Democratic Party bosses from Chicago's South Side and south suburbs failed to rally behind a single candidate at a slating session Saturday, despite hearing hours of political pitches from 16 candidates.
After about 90 minutes of private deliberations, the Democratic Committeemen emerged to announce they couldn't find enough common ground to endorse a single candidate, meaning the Feb. 26 primary for the 2nd Congressional District seat would be open.
“I think it’s gonna be a tough race,” said Thornton Township Committeeman Frank Zuccarelli, who chaired the slating committee. “But we’ve had tougher races in the past and we’ve been able to survive. So we’ve got confidence that the voters of the district are gonna make the right decision.”
Zuccarelli, who controlled about two-thirds of the weighted vote needed to get the party’s nod, still couldn’t convince other Chicago and suburban committeemen to back his chosen candidate, veteran State Sen. Donne Trotter.
Indeed, party bosses heaped the most praise upon Trotter during his turn at the lectern, despite his arrest at O’Hare International Airport last week after being caught with a handgun at a security checkpoint. Committeemen allowed Trotter to speak and answer questions for about 38 minutes – longer than any other candidate – but no one asked about his felony gun charge.
At one point, even Trotter seemed to acknowledge he was being softballed: “I don’t disagree with you saying I’m great,” he said, drawing laughter from the committeemen.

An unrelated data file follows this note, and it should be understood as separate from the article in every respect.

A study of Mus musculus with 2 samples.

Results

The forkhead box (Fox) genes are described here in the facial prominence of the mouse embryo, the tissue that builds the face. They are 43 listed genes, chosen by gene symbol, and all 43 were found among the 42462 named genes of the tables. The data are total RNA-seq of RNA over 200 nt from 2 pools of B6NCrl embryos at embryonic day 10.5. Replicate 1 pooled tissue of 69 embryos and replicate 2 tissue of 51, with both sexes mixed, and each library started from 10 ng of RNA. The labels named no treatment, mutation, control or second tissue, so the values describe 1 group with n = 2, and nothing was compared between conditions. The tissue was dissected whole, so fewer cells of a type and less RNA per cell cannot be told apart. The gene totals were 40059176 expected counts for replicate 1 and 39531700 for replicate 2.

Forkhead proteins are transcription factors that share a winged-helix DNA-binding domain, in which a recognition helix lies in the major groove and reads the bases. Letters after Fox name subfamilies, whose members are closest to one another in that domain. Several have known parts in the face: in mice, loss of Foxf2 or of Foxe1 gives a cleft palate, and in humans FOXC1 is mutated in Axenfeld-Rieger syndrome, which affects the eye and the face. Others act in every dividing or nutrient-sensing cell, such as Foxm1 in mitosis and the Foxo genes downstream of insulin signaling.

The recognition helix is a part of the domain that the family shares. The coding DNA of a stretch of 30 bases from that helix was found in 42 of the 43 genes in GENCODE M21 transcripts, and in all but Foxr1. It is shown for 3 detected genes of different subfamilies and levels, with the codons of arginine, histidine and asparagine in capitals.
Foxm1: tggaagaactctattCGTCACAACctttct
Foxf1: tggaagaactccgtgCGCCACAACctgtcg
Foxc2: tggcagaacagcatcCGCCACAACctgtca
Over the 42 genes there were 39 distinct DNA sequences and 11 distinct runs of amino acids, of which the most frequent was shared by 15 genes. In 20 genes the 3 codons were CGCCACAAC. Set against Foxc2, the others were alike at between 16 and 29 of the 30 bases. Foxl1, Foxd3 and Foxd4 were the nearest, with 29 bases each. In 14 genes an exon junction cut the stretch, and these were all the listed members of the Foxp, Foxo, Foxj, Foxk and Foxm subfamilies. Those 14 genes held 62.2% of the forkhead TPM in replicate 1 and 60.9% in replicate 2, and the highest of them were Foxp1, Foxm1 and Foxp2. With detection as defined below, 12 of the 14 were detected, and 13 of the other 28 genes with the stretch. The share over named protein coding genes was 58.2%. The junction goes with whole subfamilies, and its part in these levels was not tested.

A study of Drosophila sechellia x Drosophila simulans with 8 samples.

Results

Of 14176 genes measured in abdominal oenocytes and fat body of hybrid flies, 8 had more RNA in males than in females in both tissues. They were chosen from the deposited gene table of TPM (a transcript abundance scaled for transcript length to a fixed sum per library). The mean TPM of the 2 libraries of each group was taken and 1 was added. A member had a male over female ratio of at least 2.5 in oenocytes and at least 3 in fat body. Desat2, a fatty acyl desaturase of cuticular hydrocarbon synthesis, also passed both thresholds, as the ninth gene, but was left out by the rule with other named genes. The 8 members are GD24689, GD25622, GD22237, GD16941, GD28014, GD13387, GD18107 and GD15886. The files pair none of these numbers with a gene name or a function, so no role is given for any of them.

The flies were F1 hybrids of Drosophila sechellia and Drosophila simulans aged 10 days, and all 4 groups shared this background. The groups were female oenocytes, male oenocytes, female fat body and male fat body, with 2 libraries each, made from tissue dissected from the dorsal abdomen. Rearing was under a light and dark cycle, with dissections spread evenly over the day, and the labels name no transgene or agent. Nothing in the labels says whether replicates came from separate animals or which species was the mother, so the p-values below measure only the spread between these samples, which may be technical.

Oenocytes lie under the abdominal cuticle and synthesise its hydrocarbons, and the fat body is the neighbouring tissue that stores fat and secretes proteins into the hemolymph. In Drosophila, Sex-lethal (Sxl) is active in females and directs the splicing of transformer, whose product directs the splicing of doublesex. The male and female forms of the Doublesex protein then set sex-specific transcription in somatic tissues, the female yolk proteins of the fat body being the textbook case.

Under the arcane rules of Illinois Democratic Party slating, not all committeemen are created equal. Party bosses’ votes are weighted differently, based on the Democratic turnout in their district in the last primary.
The party’s failure to anoint a single chosen candidate means congressional hopefuls will jockey to distinguish themselves from the rest of the crowded field.
“I don’t know that anything went wrong,” Zuccarelli said. “I think there were so many good candidates that it was difficult for everybody to decide who they wanted to vote for. There were several candidates that got lots of votes.”
But he refused to release the vote totals.
Notably absent from Saturday’s slating session was Jackson’s wife, Chicago Ald. Sandi Jackson, who had said earlier this week that she planned to attend. She apparently handed her more than 7,700 votes over to Zuccarelli, giving him 27,879 votes to award.
Alderman Jackson’s spot remained empty during the four hours of testimony from candidates, save for the purses that two committeewomen set on the chair that had been reserved for her.
The hopefuls who sought the backing of the powerful Democratic operation Saturday ranged from long-time pols to political long-shots, including pastors, a dentist and an ex-NFL player who was just elected to the Illinois State Senate.
“I’m running as a protest run, since we got 2,000 people running for this office, anyway,” said Will Crosby, self-described voting rights activist.
Other candidates who sought the party’s endorsement included Chicago Ald. Anthony Beale; former State Rep. Robin Kelly, who also served as chief of staff to an Illinois treasurer; State Sen. Toi Hutchinson; former Congresswoman Debbie Halvorson; Rev. Anthony Williams; and State Sen.-elect Napoleon Harris, the former NFL player.
Democrats are strongly favored to win the heavily Democratic, predominately black 2nd Congressional District on the April 9 general election. A couple of Republicans have announced their candidacies, but the head of the state GOP says the party will not be picking favorites for the primary.